Wednesday, 29 August 2012

Lady And The Tramp (1955)

It's very sweet, it has one absolutely iconic scene and it never outstays its welcome but, for some reason, Lady And The Tramp just never makes it right into the top tier of the Disney classics for me. Maybe because it's just a little bit TOO sweet.

The story is all about, of course, Lady and Tramp, two dogs leading two very different lives. Lady (voiced by Barbara Luddy) is a pampered pooch and definitely a part of the family that she lives with while Tramp (voiced by Larry Roberts) spends most of his time avoiding the dog catcher, getting meals from kindly restaurateurs and enjoying a carefree life. When the two get to spend some time together, after an incident that sees Lady removed from the comfort of her home, they soon start getting along very well despite their differences.

Directed by Clyde Geronimi, Wilfred Jackson and Hamilton Luske, Lady And The Tramp is yet another Disney movie that seemed to have as much drama behind the scenes as it did up front (not that hard this time around anyway, there's not much here to compete with the better dramatic scenes that Disney can come up with).

Joe Grant was a problem, due to the fact that it was his original sketches used to develop the story (which was mainly based on "Happy Dan The Whistling Dog" by Ward Greene) without his permission. CinemaScope was a problem, due to the fact that the movie was being made for that format before Walt Disney realised that not all theatres could show movies in that form, forcing him to also have a version of the movie made in the original aspect ratio.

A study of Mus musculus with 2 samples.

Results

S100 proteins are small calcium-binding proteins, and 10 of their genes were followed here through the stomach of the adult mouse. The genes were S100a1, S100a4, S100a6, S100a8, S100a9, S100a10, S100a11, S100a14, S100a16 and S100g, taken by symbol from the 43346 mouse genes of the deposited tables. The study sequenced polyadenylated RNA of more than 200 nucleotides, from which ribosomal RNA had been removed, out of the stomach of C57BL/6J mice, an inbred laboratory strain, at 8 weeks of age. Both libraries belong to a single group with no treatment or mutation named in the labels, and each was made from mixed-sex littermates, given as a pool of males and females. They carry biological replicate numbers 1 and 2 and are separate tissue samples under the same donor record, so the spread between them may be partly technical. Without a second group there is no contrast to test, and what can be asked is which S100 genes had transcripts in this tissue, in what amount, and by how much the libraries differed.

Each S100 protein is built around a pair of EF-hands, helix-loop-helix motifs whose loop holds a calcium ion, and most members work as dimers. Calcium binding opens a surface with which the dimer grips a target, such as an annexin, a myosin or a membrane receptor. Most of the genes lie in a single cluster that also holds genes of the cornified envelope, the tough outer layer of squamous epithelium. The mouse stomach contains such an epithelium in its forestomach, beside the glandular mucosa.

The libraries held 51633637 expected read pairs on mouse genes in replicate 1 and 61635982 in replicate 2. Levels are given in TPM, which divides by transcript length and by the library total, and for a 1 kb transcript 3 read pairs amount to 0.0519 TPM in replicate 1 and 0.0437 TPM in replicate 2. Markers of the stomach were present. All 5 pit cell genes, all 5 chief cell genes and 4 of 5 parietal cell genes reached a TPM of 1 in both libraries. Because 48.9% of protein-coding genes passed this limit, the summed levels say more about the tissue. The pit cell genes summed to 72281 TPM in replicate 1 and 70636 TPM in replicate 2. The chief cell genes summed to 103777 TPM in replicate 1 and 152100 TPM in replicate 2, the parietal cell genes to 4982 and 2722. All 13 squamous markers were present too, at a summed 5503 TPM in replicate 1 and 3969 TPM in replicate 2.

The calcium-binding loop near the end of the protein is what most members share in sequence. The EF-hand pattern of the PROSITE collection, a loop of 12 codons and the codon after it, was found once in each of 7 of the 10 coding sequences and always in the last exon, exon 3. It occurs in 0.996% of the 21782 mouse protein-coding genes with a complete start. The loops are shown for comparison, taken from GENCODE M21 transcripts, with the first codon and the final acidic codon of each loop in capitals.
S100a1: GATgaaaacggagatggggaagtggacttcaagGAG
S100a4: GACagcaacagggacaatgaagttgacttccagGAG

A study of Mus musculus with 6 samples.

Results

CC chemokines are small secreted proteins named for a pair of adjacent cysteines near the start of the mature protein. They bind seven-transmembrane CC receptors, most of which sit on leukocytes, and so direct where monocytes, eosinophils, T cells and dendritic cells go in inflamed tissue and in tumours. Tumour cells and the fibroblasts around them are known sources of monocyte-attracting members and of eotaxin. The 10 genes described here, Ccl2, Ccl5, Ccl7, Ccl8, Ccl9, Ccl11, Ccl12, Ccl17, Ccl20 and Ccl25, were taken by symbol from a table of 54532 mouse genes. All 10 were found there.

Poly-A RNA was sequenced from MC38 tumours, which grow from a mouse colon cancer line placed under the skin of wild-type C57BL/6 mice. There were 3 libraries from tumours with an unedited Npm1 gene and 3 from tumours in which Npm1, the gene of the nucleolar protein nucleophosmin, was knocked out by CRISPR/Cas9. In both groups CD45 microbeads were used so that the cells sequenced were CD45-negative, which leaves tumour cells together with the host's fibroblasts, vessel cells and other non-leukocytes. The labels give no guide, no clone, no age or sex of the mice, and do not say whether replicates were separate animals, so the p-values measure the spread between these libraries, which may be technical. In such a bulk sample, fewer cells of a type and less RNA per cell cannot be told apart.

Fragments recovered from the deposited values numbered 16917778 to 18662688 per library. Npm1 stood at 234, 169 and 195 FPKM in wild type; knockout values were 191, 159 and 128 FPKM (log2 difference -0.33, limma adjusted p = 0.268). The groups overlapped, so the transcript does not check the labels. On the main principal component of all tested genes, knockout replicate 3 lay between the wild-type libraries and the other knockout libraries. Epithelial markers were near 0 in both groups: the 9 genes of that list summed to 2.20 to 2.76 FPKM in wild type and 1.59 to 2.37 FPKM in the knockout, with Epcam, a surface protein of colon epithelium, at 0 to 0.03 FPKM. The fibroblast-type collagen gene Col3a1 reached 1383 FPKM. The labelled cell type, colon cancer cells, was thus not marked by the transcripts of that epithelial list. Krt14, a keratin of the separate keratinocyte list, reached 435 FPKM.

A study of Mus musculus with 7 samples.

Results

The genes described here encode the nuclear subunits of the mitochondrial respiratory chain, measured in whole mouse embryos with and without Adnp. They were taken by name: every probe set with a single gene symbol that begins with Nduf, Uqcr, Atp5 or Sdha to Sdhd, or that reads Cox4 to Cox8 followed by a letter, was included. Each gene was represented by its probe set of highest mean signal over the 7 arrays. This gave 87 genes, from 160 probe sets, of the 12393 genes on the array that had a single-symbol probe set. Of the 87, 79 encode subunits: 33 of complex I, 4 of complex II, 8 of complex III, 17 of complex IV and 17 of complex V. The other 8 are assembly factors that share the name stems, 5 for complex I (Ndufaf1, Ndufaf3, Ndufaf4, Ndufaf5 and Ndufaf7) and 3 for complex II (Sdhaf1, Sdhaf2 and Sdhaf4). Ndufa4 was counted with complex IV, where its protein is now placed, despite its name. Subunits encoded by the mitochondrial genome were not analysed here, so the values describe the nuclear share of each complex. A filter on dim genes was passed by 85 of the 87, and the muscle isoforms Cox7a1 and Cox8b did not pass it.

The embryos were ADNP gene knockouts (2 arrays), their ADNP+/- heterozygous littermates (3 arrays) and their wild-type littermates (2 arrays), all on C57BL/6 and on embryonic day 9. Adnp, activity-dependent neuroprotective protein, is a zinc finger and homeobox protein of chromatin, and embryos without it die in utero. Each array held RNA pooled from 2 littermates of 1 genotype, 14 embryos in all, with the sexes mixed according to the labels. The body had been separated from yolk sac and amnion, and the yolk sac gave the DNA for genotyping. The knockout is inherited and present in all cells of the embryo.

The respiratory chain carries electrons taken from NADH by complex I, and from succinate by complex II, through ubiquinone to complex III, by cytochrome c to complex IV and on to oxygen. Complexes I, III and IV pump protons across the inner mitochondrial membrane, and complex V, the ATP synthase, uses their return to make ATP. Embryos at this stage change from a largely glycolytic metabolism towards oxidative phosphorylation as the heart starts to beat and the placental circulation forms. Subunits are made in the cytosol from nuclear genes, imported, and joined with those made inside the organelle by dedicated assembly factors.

Peggy Lee (who voices a number of characters and sings the classic "He's A Tramp" song, among others) was a problem when she later sued Disney for breach of contract.

But fans of the movie will be happy that it turned out the way it did despite those problems. It's certainly a charming picture, even if most of the characters are somewhat bland and unmemorable (heck, even Lady and Tramp are hard for me to visualise now that the credits have rolled). One standout moment sees the introduction of Si and Am, two Siamese cats out to cause havoc, but the rest of the film is simply okay. I admit that the moment with that shared plate of spaghetti remains one of the sweetest and most romantic images from the movies, animated or live-action, but it's surrounded by a film that's not really up there with the best of the output from the House Of Mouse.

Having said that, it's adorable in the way that puppies are adorable and while it overdoes the sweetness on more than one occasion there are times when it just gets everything perfect and forces you to give in to the urge to say "awwwwww" out loud before catching sight of your own reflection in the mirror and scowling at yourself for being so easily manipulated.